Introduction

Welcome to the third episode in our Vagrant course. Today we’re going to bring up our first Vagrant Machine, and explain the basics of editing a VagrantFile. You should already have Vagrant installed, if you don’t, feel free to watch our previous episode on installing Vagrant.

Alright let’s get started. First we need a place to store our vagrant machines. Because we’re planning on having multiple Vagrant machines, we’ll make a folder named “Vagrant”. Within our Vagrant folder, we’ll create a new directory for each machine we plan on bringing up. For our first VM, let’s go ahead and make it an Ubuntu box. You’ll need to create a folder for it, then go ahead and CD into it.

Now run:

vagrant init Ubuntu/trusty64

All this command does is create a VagrantFile within the current directory, with the Vagrant Box configured to use Ubuntu 14.04. You’re now ready to run vagrant up. Go ahead and do that now. Vagrant will now automatically download the Ubuntu “box”, configure a VM, and bring it up for you.

Boxes

While it’s downloading, let’s talk about boxes. You may be wondering where vagrant is pulling Ubuntu from, and how we knew to use Ubuntu/trusty64. The answer is that Vagrant automatically searches Hashicorp’s Atlas (which can be found at atlas.hashicorp.com/boxes/search).

Atlas has a wide variety of boxes to choose from, and you can even create and upload your own. Each box is essentially just a base image configured specifically for Vagrant. If you’re interested in creating your own boxes from scratch, we’ll cover that in a later episode, but for now we’ll stick with our Ubuntu/Trusty64 image. If you’d prefer to download a Windows image, just search for Server 2012, there are plenty to choose from.

Interacting with Vagrant Machine

Well it looks like Vagrant finally finished downloading the Ubuntu image, and has brought up our first Vagrant machine. You now have a fully isolated Ubuntu VM that you can use for anything that you’d like. To SSH into it, all that you need to run is “vagrant SSH”. Go ahead and try that now. Feel free to look around, install some packages, and do anything that you’d like. Once you’re finished playing around, just type exit to return to the command prompt. You can always SSH back in, but what if you want to start the VM over from scratch? All that you need to do is run vagrant destroy. Vagrant will then cleanup and completely remove the VM, so that the next time you run Vagrant Up, everything will be completely fresh and new.

That was easy! Alright now that we understand how to bring a new VM up and destroy it, let’s try looking at the VagrantFile that vagrant automatically created when we typed vagrant init. Just open it up in any text editor, we strongly recommend Sublime Text, or Notepad++.

It may look daunting at first, but it’s not trust me. Go ahead and remove every line that’s commented out and you’ll see what I mean. It’s exactly three lines, that’s it! Essentially all we’re doing right now is telling Vagrant what box we’d like to use for the VM. While each VagrantFile is actually just Ruby code, you should be able to configure nearly everything without ever needing to learn Ruby. If you do happen to know Ruby, you should feel at home.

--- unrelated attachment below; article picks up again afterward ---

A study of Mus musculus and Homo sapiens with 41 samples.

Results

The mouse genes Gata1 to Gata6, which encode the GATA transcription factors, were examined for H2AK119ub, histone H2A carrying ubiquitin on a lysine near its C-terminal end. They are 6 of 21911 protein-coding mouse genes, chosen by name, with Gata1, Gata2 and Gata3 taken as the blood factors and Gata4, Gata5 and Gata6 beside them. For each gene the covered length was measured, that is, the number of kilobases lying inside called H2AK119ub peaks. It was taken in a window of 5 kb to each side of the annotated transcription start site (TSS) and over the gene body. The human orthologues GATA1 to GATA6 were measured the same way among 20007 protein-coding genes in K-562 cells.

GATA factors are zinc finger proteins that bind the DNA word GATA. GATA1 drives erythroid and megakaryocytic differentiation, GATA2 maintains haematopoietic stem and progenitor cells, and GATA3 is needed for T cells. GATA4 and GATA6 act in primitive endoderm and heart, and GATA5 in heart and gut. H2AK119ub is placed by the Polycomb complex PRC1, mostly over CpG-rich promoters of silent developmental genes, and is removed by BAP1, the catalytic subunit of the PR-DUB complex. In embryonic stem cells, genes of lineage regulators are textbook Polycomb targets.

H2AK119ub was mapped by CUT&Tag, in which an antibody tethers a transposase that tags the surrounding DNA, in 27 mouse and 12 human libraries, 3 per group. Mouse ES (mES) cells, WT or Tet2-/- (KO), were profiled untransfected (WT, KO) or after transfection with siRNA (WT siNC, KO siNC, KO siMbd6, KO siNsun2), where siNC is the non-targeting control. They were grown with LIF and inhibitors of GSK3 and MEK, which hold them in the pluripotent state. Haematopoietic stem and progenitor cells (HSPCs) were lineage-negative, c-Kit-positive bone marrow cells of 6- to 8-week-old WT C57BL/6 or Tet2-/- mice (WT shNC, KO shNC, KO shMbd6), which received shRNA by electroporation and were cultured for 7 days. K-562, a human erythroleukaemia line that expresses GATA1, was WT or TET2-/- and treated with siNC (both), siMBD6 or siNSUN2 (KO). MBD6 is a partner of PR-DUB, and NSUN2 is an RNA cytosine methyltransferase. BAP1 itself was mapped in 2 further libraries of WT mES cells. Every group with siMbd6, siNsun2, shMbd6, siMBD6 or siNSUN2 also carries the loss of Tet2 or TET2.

The only thing that the VagrantFile needs for launching a VM is a box, and thankfully once you’ve downloaded a box once, Vagrant will save it for future usage. You can see in our VagrantFile that our box is set to Ubuntu/Trusty64, because that’s what we passed in when we ran vagrant init. Later on if you decide you’d like to change the OS, this is the only line that you’ll need to change. When you run vagrant up, vagrant will automatically check to see if there is a newer version of the boxes you’re currently using, if there is, just run vagrant box update to download the latest version.

You can create as many vagrant machines as you want from each box, because Vagrant only uses the box as a base image to clone from. Also, you can use boxes that aren’t hosted on Atlas by specifying a URL directly to them, with vagrant box add. To see a list of all the boxes you currently have installed, just run vagrant box list. If you decide you no longer want a box on your system, just type vagrant box remove followed by the name of the box.

Conclusion

One of the best things about vagrant is how easy it makes it to store all of your VM configurations in version control. We recommend storing all of your VagrantFiles within something like Git, that way anyone else on the team can simply clone the repository and run vagrant up to have exactly the same environment set up. You can go ahead and ignore the dot vagrant directory within each folder, as that is just used to keep track of temporary things like guest machine IDs and so on.

Well that’s plenty of work so far! If you can’t remember what VMs you have running, you can also run “vagrant status” to see a list of all of the VMs. If you want to stop a VM (but not destroy it), just run vagrant halt to shut it down, or vagrant suspend to pause it. Great job so far! In our next episode, we’ll cover provisioning the VMs automatically. Thank you for watching, let us know if you have any questions in the comments!